Baker foreshadows, Spiezio sucks, secrets of pitching turn out to be obvious cliches
From Baker’s Blog:
To celebrate a sunny, gorgeous Sunday morning, I’ll answer some of the questions forwarded to me.
Yeah. I got up this morning and rode around Bainbridge Island in the rain. It was cold and miserable. Geoff Baker’s in Arizona, where it’s sunny and gorgeous. That must be nice. Rrrr.
Anyway, I wanted to point out one of his answers:
Q: Why are you trying to scare players away from Seattle by pointing out what could go wrong for the Mariners in 2007?
A: We in the media do not get paid to be cheerleaders. And it is very rare, in any baseball season, that something will go completely right for a team. The way these Mariners have been built, they need plenty to go right. […] A year ago, I took all types of flack from Toronto fans online for predicting the Blue Jays would win 85-88 games. When they won 87, no one wrote in to apologize. It’s part of the job. See it that way.
Uhhhhh, is Geoff Baker aware that he works for the Seattle Times? Is there going to be some unpleasantness later in the season when the team wants him to flog some crazy financial story, or slag a player ahead of a trade?
Because that would be awesome.
Larry Stone looks at the Cardinals as they approach this year.
This Scott Spiezio comment is priceless.
“Just because we won last year doesn’t mean jack squat for this year,” said Spiezio. “I think in 2003, we just didn’t have a game plan as a team. A lot of guys did the shows and autograph signings and things like that. Before you know it, the season was upon you, and a lot of guys weren’t ready. We got off to a slow start, and then I think we started panicking.”
Because if anyone knows what’s it like to show up unprepared and get off to a slow start, folks, it’s Scott Spiezio. Way to provide that veteran leadership there.
There’s also this awesome quote:
“I’ll spend quite a bit of time with my ring,” Wainwright mused dreamily. “I’m preparing myself. Maybe I’ll make a little bed for it.”
Larry Stone rocks. I didn’t make a big deal out of this yesterday, but consider this: Jim Moore’s in the Grapefruit League, hassling former Mariners when he’s not hashing out Mitch Album-style pablum. Larry Stone’s writing informative, insightful pieces about Snelling, the Cardinals, each time explaining the history, why things are or aren’t important, finding humor without pointing to it and yelling “look how funny I am”… Larry Stone rocks. It’s why he’s USS Mariner endorsed.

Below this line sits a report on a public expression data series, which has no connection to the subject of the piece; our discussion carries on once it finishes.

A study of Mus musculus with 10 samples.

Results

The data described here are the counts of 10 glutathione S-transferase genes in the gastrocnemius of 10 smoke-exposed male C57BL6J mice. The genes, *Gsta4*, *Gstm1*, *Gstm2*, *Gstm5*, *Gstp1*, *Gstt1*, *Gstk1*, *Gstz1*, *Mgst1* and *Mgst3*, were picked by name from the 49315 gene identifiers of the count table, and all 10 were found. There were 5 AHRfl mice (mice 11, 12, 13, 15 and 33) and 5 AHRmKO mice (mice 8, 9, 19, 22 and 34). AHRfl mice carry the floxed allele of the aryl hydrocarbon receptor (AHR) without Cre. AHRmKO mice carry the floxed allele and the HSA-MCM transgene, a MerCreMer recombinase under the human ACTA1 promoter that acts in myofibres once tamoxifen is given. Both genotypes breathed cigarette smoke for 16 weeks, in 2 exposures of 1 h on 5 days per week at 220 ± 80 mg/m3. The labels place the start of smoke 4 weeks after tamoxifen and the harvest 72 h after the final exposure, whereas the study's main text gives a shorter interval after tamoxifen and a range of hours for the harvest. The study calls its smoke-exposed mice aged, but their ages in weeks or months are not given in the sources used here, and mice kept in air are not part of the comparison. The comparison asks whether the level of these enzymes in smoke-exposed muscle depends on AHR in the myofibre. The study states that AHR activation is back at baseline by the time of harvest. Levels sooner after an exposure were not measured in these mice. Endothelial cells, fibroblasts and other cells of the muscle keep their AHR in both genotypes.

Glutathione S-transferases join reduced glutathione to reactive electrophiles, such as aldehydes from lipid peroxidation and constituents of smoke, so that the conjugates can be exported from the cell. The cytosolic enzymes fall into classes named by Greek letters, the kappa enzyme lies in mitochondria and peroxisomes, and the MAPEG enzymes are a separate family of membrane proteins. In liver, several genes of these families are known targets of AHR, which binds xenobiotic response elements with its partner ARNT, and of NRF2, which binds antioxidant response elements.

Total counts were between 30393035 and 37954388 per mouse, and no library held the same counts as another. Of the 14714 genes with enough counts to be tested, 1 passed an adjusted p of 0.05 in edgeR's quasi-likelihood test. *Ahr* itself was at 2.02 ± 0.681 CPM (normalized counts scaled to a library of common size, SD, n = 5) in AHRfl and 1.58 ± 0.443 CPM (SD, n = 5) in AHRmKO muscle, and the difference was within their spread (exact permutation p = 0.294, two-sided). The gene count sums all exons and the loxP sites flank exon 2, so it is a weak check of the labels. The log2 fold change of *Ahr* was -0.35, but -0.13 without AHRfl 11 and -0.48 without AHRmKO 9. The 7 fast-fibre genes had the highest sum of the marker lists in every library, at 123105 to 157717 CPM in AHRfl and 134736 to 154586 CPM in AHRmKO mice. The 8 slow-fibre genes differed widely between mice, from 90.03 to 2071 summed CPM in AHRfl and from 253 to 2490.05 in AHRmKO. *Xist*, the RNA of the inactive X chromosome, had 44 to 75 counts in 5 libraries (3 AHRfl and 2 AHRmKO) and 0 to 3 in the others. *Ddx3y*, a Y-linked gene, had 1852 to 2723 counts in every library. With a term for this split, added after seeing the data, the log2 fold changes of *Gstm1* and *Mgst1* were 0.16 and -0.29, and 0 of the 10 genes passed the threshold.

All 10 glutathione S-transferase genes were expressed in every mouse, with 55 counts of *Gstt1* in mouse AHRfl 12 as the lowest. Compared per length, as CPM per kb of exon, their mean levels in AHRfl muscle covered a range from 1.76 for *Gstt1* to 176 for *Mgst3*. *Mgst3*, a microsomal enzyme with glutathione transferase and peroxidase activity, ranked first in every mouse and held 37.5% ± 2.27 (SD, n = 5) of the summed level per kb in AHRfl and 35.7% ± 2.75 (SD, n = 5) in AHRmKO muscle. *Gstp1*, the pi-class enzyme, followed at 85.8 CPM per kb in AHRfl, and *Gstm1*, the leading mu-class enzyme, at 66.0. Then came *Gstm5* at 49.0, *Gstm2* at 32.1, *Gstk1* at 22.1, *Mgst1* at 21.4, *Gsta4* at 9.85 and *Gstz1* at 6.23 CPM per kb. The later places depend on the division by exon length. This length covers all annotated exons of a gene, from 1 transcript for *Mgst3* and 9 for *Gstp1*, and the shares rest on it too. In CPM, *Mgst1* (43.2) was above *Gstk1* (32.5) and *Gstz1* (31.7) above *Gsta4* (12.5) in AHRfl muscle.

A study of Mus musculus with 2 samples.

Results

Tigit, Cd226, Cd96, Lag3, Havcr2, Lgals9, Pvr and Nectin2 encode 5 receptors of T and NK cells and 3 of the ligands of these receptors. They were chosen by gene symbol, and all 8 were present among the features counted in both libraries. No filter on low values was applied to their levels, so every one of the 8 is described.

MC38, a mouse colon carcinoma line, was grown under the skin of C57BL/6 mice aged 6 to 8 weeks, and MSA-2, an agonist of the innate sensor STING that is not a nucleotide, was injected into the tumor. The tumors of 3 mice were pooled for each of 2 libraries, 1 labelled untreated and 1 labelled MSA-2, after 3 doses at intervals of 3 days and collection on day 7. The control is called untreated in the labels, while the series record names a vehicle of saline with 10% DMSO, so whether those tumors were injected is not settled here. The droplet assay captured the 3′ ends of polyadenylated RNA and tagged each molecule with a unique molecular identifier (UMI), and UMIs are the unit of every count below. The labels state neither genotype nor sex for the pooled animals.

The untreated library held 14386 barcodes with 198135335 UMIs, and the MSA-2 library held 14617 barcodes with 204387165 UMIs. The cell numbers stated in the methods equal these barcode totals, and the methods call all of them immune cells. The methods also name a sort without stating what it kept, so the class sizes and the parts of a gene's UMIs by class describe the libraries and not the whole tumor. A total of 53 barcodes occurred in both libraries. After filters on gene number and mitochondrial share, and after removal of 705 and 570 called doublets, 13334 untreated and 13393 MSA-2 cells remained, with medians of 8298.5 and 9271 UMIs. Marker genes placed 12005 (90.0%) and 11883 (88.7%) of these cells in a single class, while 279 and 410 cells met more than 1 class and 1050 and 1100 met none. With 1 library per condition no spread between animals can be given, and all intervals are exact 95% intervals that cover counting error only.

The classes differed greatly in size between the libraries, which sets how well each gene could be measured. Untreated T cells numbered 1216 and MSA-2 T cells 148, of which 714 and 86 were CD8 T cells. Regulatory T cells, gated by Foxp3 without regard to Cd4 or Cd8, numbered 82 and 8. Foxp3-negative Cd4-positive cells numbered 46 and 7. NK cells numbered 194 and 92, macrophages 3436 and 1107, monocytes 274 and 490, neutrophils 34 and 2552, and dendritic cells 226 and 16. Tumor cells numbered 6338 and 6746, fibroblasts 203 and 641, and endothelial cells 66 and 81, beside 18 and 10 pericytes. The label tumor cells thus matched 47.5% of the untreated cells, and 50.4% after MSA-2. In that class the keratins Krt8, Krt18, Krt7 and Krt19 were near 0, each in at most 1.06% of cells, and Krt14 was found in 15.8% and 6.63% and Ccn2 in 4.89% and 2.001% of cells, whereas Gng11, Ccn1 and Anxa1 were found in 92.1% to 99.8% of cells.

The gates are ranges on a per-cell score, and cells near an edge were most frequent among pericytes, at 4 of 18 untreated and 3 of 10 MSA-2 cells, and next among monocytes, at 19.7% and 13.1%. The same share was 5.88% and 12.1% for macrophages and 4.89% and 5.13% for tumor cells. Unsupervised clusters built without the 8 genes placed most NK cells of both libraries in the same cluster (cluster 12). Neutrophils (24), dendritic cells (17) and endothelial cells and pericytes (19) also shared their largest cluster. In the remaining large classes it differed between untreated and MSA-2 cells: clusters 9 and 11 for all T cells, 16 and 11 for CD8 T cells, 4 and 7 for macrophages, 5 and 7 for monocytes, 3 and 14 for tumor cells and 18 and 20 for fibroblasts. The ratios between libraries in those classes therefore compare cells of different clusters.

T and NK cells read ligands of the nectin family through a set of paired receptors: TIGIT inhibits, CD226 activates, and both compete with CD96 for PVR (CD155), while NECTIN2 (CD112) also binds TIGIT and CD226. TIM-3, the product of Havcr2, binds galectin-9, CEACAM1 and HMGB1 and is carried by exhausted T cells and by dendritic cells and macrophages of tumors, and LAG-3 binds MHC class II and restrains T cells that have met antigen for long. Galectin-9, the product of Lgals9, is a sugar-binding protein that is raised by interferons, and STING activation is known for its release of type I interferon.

Mike Hargrove and pitching coach Rafael Chaves have solved pitching. No, really.
All Seattle pitchers arrived at the Peoria Sports Complex Sunday morning to find a new blue T-shirt hanging in their lockers.
The front reads ”Pitch to win.”
The back reads: Relentless: Work fast, work ahead, execute.”
You may be thinking “why doesn’t he just give everyone a picture of a kitten hanging off a branch with ‘Tenacious’ written on it?”
Because this T-shirt is the summary of… well,
Hargrove had Chaves work over the winter clarifying the most important facets of pitching. He got it down to 10, all of which were printed on a laminated card headlined ”The Mariners’ 10 absolutes of pitching.” The cards also were given to the pitchers Sunday.
The top three absolutes wound up on the back of the T-shirt.
Uh huh. Here’s the thing. Assume execute means “throw the called pitch in the intended location.” If pitchers could consistently throw strikes to get ahead in the count and hit their spots, they’d already be great. If they can’t, putting it on a T-shirt doesn’t help them. You can’t walk up to Jeff Weaver and yell “throw faster!” and then collect a manager of the year aware because he turns into Roger Clemens.
Anyway, it’s great to know that over the winter, Hargrove had his pitching coach writing out ten bromides for him. I bet Chaves acted like it was going to be the greatest task ever, and involve him traveling across the world and consulting the greatest minds in biomechanics, pitching gurus and athletic trainers, so unfortunately he wouldn’t be available to do anything else, and Hargrove said “that’s fine, just as long as you come to spring training with the list” and Chaves went home, laughed until he cried, wrote ten pitching cliches on a pizza box, and then re-copied the box the day onto a sheet of paper before he flew out to camp.